An estimated 55,000 Syrian children are cut off from aid and risk starvation after an offensive by President Bashar al-Assad triggered the single biggest displacement of the bloody seven-year war, humanitarian organisations said on Thursday.
The Thomson Reuters Foundation reports that Government forces backed by Russian air power have swept through southwestern Syria in the last month in one of the swiftest campaigns of a war estimated to have killed hundreds of thousands of people and displaced 11 million.
The offensive has put an estimated 55,000 children in al-Quneitra province near the border with the Israeli-occupied Golan Heights at risk of death without life-saving aid, said the United Nations children's agency (UNICEF).
"This is life or death for these children – they are being subjected to air strikes, barrel bombs and being cut off from humanitarian aid," said Caroline Anning spokeswoman for the charity Save the Children by phone from Amman, Jordan.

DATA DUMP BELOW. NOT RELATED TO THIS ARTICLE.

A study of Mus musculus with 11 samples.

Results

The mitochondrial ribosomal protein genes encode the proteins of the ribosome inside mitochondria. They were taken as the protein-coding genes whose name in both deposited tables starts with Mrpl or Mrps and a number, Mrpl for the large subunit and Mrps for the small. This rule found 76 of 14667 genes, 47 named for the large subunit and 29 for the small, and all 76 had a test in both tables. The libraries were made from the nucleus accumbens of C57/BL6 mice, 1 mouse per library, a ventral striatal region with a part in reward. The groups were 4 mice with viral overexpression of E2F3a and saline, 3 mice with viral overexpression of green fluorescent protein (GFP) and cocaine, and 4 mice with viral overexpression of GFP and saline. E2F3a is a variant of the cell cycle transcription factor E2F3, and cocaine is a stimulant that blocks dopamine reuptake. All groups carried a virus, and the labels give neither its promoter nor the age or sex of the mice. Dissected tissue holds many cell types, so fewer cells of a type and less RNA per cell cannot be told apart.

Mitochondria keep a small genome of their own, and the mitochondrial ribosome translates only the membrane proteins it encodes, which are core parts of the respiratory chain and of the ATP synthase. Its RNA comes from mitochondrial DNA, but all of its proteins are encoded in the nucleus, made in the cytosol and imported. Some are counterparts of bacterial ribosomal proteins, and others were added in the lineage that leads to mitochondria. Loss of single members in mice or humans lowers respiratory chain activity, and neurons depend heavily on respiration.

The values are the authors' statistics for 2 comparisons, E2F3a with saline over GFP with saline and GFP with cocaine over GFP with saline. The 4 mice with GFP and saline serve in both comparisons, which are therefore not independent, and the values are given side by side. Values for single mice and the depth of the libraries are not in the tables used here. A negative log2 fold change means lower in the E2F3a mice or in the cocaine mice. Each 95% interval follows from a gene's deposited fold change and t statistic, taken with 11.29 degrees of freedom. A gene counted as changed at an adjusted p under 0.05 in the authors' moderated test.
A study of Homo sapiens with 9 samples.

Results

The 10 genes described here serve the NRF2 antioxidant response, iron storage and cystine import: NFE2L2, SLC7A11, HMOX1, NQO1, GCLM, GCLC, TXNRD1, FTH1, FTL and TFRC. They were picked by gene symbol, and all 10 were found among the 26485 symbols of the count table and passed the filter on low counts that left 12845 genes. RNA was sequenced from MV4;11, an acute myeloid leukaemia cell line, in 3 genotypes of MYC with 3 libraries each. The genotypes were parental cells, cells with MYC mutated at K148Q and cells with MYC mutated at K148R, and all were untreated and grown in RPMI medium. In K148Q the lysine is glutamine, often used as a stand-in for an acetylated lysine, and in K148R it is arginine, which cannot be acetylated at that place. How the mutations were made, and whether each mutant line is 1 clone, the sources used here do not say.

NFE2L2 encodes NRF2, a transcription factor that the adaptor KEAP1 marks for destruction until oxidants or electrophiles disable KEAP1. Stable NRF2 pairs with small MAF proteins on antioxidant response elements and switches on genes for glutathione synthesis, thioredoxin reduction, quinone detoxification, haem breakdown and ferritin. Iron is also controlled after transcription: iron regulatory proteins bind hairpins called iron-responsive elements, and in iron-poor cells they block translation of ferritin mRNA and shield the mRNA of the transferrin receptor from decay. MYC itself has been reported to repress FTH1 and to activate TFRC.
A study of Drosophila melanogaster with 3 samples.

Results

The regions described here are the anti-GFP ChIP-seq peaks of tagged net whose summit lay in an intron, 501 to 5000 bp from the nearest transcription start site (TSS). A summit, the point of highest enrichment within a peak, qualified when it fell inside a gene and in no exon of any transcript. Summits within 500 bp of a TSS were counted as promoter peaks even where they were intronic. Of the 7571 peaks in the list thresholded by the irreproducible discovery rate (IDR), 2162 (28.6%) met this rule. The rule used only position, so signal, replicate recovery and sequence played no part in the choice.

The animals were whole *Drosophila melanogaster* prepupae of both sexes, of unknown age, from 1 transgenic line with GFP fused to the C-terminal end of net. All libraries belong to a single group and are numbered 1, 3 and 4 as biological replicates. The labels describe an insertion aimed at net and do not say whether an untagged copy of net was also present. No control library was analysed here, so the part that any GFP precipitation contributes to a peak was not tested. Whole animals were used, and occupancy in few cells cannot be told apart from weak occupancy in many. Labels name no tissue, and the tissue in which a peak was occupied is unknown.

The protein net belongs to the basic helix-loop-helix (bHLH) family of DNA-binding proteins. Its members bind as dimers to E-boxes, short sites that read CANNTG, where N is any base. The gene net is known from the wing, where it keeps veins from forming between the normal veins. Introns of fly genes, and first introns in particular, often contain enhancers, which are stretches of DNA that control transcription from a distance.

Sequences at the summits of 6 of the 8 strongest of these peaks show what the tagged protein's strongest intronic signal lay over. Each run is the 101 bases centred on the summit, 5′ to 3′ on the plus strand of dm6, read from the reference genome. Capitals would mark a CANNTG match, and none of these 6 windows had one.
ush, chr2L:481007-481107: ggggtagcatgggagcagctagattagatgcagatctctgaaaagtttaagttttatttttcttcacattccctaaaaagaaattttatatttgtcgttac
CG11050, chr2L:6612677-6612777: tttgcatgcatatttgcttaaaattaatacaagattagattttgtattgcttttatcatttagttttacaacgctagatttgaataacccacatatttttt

Read: Evacuation of two pro-Assad Syrian villages under way
Within the last few weeks the charity has heard of children dying and getting sick from drinking dirty water, dehydration and scorpion and snake bites, Anning told the Thomson Reuters Foundation.
The UN has warned of a humanitarian catastrophe in the southwest caused by the fighting that erupted after a Russian-backed army offensive to recapture rebel-held southern Syria.
The offensive has triggered the single biggest displacement of the war with 270,000 forced to flee their homes in southwestern Syria as a result of the escalation of fighting this month, according to the UN refugee agency (UNHCR).
"What concerns us are the restrictions on the humanitarian access – it is unacceptable," said Juliette Touma, a UNICEF spokeswoman in Amman.
Save the Children and its local partners have given Syrian children identity bracelets in case they are split from their families during these "mass displacements" said Anning.
"It is a really depressing cycle that keeps happening in Syria. We are urging for a ceasefire, for humanitarians to be able to continue their work, and for aid convoys to be able to get in to this area," she said.